Everyone should be able to freely practice their religion without fear of undue discrimination. This applies to the workplace as well, where employees are legally protected from discrimination for their religion, race, gender, and more. Unfortunately, harassment still occurs on the basis of people’s personal religion. If you believe you’ve been the victim of religious discrimination, you should consider your legal options because you may be able to file a charge against your employer. Read on or reach out to an Atlanta Religious Discrimination Attorney today to find out more about your religious legal rights in the workplace.
WHAT IS CONSIDERED RELIGIOUS DISCRIMINATION IN THE WORKPLACE?
Freedom of religion is protected under Title VII of the Civil Rights Act of 1964. This means that legally, employers are not allowed to treat employees differently for their religion, deny reasonable religious accommodations, or retaliate against individuals practicing protected religious activities. Employers also can’t force employees to take part in any religious activity in order to retain their employment.
Religious accommodations are when employers make exceptions to employee rules if it goes against a certain employee’s religion. For example, if employees in a workplace have a required uniform but one employee chooses to dress more modestly for their religion, then the employer should reasonably make an exception to allow that employee to safely work without going against their personal religious beliefs.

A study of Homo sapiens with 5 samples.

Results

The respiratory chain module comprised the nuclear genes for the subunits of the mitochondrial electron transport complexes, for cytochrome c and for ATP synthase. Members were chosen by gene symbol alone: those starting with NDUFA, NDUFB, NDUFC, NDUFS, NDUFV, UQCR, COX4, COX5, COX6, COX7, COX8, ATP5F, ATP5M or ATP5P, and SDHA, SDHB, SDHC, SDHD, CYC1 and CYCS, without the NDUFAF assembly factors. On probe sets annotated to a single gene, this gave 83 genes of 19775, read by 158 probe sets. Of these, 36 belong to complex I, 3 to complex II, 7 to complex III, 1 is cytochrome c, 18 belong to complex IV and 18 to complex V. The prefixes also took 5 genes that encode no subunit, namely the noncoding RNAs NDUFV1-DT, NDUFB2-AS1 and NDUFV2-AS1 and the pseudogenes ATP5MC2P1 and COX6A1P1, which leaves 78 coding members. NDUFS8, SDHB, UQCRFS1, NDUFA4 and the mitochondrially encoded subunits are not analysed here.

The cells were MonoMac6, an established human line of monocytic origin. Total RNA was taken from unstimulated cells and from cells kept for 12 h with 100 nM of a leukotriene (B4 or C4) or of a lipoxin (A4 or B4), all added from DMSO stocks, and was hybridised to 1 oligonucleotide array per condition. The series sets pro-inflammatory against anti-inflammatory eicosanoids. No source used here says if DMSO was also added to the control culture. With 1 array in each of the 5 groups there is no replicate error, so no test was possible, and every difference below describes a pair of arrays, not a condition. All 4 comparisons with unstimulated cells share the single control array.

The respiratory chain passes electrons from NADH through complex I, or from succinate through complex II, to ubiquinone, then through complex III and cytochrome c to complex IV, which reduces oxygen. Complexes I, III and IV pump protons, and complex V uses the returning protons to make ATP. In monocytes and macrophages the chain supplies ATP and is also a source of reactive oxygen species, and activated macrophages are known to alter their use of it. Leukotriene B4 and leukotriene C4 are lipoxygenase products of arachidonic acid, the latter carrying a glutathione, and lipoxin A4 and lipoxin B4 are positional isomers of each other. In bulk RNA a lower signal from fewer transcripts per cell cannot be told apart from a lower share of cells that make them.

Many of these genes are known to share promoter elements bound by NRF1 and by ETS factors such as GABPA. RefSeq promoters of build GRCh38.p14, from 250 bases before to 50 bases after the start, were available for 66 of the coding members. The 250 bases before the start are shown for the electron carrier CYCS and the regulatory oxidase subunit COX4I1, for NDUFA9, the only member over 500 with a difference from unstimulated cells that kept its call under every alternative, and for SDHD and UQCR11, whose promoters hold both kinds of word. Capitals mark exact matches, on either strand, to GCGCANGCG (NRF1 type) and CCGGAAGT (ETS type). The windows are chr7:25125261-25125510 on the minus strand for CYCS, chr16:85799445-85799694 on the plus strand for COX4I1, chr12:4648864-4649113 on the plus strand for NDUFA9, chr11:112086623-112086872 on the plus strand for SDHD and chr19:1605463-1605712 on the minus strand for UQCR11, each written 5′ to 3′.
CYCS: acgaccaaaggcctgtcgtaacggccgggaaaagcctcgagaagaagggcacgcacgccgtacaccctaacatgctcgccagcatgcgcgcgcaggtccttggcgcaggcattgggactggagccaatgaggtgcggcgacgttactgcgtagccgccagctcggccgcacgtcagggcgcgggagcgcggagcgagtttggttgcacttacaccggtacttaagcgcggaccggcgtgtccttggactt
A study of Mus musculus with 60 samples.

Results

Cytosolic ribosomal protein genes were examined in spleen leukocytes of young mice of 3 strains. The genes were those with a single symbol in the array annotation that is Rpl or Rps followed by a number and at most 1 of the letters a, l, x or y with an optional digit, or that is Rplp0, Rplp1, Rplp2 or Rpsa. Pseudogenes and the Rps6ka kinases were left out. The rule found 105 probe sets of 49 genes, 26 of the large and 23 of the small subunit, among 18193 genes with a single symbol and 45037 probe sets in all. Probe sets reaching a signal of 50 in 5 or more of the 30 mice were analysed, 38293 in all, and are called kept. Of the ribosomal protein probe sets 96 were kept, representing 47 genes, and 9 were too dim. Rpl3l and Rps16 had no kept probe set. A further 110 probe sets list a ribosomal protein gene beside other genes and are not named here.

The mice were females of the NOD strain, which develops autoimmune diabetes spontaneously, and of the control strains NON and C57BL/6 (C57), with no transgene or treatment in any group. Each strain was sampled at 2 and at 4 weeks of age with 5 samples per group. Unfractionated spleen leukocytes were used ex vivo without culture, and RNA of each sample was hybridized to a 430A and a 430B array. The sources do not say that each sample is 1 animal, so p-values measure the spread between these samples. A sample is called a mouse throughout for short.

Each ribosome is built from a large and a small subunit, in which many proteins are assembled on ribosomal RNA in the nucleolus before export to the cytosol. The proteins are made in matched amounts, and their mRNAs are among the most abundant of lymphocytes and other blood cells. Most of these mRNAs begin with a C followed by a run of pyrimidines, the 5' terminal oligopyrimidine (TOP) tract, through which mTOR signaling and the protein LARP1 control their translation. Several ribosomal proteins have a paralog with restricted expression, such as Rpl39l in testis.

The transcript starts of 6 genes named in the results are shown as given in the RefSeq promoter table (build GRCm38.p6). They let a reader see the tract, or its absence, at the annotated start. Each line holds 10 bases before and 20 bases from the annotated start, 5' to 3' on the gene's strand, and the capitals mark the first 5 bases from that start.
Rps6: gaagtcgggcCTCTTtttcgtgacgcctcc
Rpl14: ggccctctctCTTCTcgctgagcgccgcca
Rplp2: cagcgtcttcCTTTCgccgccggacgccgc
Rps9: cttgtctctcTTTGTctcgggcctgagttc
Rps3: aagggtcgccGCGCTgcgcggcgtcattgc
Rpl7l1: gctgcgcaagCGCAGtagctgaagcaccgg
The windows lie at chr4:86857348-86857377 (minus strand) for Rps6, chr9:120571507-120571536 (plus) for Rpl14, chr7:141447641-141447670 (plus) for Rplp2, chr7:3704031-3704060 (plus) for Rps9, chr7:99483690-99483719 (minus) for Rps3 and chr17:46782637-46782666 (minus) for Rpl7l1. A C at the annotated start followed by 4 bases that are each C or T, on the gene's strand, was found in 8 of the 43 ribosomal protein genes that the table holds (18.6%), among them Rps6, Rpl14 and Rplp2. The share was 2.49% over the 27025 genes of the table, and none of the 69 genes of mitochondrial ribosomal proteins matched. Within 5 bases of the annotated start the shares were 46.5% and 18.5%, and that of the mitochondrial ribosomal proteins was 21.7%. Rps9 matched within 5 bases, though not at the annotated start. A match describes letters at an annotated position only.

Some other examples of reasonable religious accommodations include:
- Flexible scheduling
- Voluntary shift substitutions
- Other dress code exceptions (like religious head coverings)
- Exceptions to grooming practices (like a beard or long hair)
When making accommodations, the employer has the final say on the alternative options for religious employees. Employers are only allowed to deny accommodation requests if it could cause the business to suffer undue hardship. This means if the alternative option is harmful to other employees, costs the business substantially, or decreases efficiency in the workplace, then the employer has the right to deny the accommodation request.
WHAT SHOULD I DO IF I EXPERIENCED RELIGIOUS DISCRIMINATION?
If you were denied reasonable religious accommodations or harassed for your religious choices, you may be able to file a charge against your employer. It’s important to take action as quickly as possible. In Georgia, you have 180 days from the day of the incident to file a discrimination charge with the Equal Employment Opportunity Commission. If you are a federal employee, you must contact an Equal Employment Opportunity Counselor within 45 days of the incident.
If you think you have a religious discrimination case, you should speak with an experienced employment law attorney for assistance. Ben Barrett Law understands how reprehensible discrimination in the workplace is and wants to fight for you! Contact us today for quality legal counseling.